We asked two Aussie teachers, Ash (Primary) and Angus (Secondary), to compare teaching in Oz to teaching in the UK and here’s what they had to say.
- How was your experience working as a teacher in Australia?
Ash: I worked as a CRT with anzuk in Australia before I moved over to London. As a graduate teacher, I wanted to get my teeth stuck into some teaching and save for my upcoming move to London. I was very impressed by the diverse range of schools I was sent to in those 4 months and how much work I was getting.
- When did you move to London and why?
Angus: It was a combination of limited opportunities in Adelaide, wanting a change, travel opportunities and having some friends that had already moved over here. My girlfriend and I had a choice to either move to Sydney, Melbourne, rural SA or London.
Ash: When I graduated from my teaching degree, the thought of applying for jobs locally didn’t really appeal to me. I had always wanted to experience living and teaching abroad, it was one of the main reasons I decided to study teaching. I had always had a thirst for travel and adventure and knew there were ample opportunities to teach in London. I did some CRT in Melbourne and made the move over as a fairly inexperienced teacher and never looked back!
- What differences between working in Australian schools and working in UK schools stand out for you the most?
Angus: The thing that stood out the most for me is the authoritative approach to education in the UK. For me, it seemed a little old-fashioned, but I was impressed in the respectful way that students spoke to teachers. I was also impressed with how strict, schools’ approaches are on mobile phones, which meant there were much fewer distractions in class. This was different to the schools I had taught in previously.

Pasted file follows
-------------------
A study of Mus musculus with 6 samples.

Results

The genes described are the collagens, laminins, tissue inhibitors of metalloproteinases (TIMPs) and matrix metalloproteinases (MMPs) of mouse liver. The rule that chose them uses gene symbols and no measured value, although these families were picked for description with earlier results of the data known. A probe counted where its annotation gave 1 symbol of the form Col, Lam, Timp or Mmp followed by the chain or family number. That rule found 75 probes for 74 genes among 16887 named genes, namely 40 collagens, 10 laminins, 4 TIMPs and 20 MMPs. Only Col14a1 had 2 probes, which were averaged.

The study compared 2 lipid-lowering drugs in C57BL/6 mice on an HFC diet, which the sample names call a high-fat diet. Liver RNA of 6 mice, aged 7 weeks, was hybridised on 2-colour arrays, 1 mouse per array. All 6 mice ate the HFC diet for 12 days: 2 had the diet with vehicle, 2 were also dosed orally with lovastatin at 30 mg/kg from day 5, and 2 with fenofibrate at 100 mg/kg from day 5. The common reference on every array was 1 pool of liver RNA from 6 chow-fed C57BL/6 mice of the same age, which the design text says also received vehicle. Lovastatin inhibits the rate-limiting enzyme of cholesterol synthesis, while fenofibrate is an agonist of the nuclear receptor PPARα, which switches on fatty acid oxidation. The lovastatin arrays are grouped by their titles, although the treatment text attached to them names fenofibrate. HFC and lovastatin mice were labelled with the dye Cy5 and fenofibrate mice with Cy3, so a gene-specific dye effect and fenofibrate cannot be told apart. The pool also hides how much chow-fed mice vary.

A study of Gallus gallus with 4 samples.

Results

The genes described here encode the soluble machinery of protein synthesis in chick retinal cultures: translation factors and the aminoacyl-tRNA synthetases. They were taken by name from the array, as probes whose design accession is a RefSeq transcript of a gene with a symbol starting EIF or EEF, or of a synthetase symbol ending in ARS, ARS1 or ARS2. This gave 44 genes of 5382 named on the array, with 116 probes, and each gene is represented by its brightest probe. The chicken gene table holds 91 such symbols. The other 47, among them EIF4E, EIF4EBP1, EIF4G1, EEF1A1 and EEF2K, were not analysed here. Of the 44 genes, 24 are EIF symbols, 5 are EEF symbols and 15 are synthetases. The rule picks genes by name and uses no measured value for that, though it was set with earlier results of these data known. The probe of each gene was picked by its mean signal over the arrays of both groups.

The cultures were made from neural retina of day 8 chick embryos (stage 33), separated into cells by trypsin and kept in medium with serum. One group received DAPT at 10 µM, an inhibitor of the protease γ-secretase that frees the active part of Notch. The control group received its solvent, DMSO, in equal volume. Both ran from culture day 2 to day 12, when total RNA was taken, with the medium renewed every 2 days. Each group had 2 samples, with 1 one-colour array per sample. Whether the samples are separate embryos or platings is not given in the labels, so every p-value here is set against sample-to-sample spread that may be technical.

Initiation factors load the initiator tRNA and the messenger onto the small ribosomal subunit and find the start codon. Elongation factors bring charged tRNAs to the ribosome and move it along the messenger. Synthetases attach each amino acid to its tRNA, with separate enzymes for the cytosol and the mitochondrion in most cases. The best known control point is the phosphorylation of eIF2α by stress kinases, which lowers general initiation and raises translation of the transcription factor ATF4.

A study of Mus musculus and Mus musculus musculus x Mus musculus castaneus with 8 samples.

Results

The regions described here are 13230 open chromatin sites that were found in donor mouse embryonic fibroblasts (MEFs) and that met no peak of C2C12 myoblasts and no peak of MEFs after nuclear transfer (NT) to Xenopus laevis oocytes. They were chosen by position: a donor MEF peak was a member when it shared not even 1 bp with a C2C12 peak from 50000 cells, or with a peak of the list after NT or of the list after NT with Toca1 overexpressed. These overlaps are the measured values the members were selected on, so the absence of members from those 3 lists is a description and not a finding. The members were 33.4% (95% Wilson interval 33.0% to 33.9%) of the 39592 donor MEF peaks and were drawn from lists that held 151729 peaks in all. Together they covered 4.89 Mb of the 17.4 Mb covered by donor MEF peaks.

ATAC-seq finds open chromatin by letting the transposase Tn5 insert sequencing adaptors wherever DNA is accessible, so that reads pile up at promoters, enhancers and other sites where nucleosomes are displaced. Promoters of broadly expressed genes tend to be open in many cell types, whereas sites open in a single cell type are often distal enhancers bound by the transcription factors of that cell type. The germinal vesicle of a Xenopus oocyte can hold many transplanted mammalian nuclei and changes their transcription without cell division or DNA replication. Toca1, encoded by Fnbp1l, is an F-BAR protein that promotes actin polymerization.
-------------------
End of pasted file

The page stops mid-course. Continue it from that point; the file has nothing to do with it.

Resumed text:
Ash: There is more of an emphasis and importance placed on sport and PE in Australian schools. There is generally an allocated PE teacher in Primary and Secondary schools and schools will take part in inter-school sports programs with other schools. Interschool sport is where upper Primary and Secondary students travel to other schools and play against them in various sports. This emphasis on PE often filters through to playing sport on weekends and evenings either representing their school or area that they live. Independent schools will have compulsory Saturday sport for both summer and winter seasons that all children need to participate in.
Australia also doesn’t have the same expectations in place when it comes to marking. There are assessments that are marked and data relevant to students development, but a lot of the feedback given is verbal. There are no marking policies in place at schools and it is often at the discretion of the teacher.
- What are some similarities?
Angus: English schools definitely have more in common with Australian schools than they don’t.
Ash: Whilst there are some differences between the two education systems, there are a lot more similarities. If you have been trained in the UK education system and your experience is in UK schools then you’ll probably find the Australian system to be a bit more relaxed than in the UK. You’ll have some really good habits in place that you will implement into your teaching in Australia and will find the transition to be an easy one to make.
- What advice would you give educators relocating overseas?
Angus: I think it is a great way for you to grow as an educator. It may seem a bit daunting to move across the other side of the world away from family and friends, but it will be so good for your professional development. The job opportunities in the UK are so good that you can afford to be patient until you find the school that is the right fit for you. The movement of teachers in the UK also means that there is plenty of opportunities to climb the ladder and gain experience in different roles. If behaviour of students in London schools is something that concerns you, remember that most schools have quite substantial behaviour management systems in place and there is always support available from other staff. At the end of the day, it is a great opportunity to gain experience teaching a different curriculum and will look great on your CV when you return to Australia, or wherever your next adventure takes you. Plus the travel opportunities to Europe… wow.
Ash: I recommend teaching abroad to any educator. There is no better way to expand your skill set as an educator and grow as person than living abroad. Taking the leap to teach overseas is a daunting one that not everyone is brave enough to do. Having that experience on your CV speaks volumes about you as an educator and individual. There are similarities and differences between both education settings and you will end up combining different aspects from the UK and Australian system to frame your teaching pedagogy.
If you are looking to teach overseas get in touch with one of our team members today!